INDIANAPOLIS — A house is still standing empty and untouched months after it caught fire on the south side. Neighbors have been begging the city to tear it down, calling it a safety hazard.
Looking at the burned out home brings back from bad memories for Doug Aldridge.
"Here we go again, Aldridge said. "It's just a grim reminder of what happened seven years ago."
Just five houses down from where the Richmond Hill explosion occurred in 2012, damaging 90 homes in the south side neighborhood and killing two residents, now sits another burned house after it caught fire in May.
"Going back to the explosion, we've had several of those houses stand for a couple years before they were torn down," Aldridge said. "The sooner the better. We’re coming into December. We’ve gone through this once before. We’ve had going back to the explosion, we’ve had several those houses stand for couple years before they tore down. We’re just trying to get back to our new normal.
Neighbors want to know why it's been sitting like this for 5 months. The siding is gone, piles of debris scattered, taller than a person.
"It's unsafe for the kids that live around here. And then you worry about mice and rats and raccoons and things like that," Aldridge said. "You just try to close your eyes as you drive by it, but it needs to be torn down and cleared off."
People have done their part by by reporting it to the Mayor's Action Center. Online, it shows the Marion County Health Department and the city's Department of Business and Neighborhood Services have been out several times to inspect, citing trash, junk, debris, high weeds and grass.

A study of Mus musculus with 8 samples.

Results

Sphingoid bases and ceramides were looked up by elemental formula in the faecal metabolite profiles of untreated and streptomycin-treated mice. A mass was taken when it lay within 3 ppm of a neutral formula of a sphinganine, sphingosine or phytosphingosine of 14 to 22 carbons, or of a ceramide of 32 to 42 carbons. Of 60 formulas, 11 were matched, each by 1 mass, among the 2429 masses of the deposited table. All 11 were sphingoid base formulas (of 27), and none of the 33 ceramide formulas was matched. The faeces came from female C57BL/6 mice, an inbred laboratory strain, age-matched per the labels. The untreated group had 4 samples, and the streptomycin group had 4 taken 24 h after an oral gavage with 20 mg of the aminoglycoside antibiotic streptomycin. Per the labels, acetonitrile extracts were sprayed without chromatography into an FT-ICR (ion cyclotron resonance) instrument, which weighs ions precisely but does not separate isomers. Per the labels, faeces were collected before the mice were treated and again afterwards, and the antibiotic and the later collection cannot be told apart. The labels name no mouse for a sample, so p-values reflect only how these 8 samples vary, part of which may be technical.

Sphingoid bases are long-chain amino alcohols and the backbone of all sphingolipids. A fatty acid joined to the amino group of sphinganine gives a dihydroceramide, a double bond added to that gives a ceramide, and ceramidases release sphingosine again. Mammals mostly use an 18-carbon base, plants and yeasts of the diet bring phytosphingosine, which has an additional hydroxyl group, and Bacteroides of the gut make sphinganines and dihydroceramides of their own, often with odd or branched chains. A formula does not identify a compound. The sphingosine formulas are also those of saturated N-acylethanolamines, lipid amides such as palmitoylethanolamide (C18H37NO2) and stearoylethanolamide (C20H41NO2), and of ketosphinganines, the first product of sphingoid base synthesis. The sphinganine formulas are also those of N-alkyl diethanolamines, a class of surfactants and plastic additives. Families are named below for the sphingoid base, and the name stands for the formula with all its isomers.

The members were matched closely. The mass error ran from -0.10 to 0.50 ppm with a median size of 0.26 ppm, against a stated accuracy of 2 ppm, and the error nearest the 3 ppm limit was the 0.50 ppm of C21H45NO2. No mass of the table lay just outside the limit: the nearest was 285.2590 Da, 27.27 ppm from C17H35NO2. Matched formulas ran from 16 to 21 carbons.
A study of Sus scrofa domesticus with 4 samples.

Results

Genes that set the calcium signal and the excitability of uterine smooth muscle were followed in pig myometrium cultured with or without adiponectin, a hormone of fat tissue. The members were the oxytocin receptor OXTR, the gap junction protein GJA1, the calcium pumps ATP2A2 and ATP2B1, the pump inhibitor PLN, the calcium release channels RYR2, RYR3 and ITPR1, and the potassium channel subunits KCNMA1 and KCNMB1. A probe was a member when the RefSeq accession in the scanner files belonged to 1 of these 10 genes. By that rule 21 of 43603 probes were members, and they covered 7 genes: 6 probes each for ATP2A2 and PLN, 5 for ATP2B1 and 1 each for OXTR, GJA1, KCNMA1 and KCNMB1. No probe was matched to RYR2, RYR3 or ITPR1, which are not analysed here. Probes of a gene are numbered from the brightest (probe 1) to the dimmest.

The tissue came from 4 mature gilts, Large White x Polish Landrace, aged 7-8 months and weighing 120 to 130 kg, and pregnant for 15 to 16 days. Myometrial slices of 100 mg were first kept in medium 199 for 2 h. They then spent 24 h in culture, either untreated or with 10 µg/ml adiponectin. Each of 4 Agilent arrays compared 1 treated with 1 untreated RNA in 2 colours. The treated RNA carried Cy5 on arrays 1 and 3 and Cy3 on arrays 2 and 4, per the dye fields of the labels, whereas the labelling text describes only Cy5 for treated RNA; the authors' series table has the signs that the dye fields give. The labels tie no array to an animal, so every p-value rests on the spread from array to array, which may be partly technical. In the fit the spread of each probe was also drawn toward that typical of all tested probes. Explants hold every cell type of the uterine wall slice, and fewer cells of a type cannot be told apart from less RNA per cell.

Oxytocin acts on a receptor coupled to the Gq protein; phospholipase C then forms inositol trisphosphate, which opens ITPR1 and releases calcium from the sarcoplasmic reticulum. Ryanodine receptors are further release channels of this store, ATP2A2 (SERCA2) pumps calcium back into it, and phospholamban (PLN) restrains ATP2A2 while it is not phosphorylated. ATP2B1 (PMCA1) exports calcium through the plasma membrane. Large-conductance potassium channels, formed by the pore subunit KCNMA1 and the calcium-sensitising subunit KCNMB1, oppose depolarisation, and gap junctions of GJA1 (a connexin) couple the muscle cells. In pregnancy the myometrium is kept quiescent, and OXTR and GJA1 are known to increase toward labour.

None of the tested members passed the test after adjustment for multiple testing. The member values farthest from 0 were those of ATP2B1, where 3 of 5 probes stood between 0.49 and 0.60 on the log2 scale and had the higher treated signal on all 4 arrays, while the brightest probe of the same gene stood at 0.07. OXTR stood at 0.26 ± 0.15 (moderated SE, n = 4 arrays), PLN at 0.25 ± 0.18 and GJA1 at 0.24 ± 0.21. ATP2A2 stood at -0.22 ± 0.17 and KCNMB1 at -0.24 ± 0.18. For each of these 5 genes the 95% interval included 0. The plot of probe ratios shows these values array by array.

"For the neighborhood, we’re trying to get back to where we were at years ago," Aldridge said. "The prices in the neighborhood the homes are starting to go up, they’re on the market for a week or two and they’re selling over list price so this is where we want our committed to go. And that seems to be a little bit of the eyesore in the community.”
However, the fire department investigated the house for some time, so an extension was granted to the homeowner to clean the property. The city has a pending demolition order on the house, and the homeowner has until Nov. 11 to come into compliance, but it is on their radar.
The Department of Business and Neighborhood Services said there is no specific time requirement that a home needs to be torn down or repaired following a fire or other cause of damage. Each case is specific. Click here to check on a case yourself.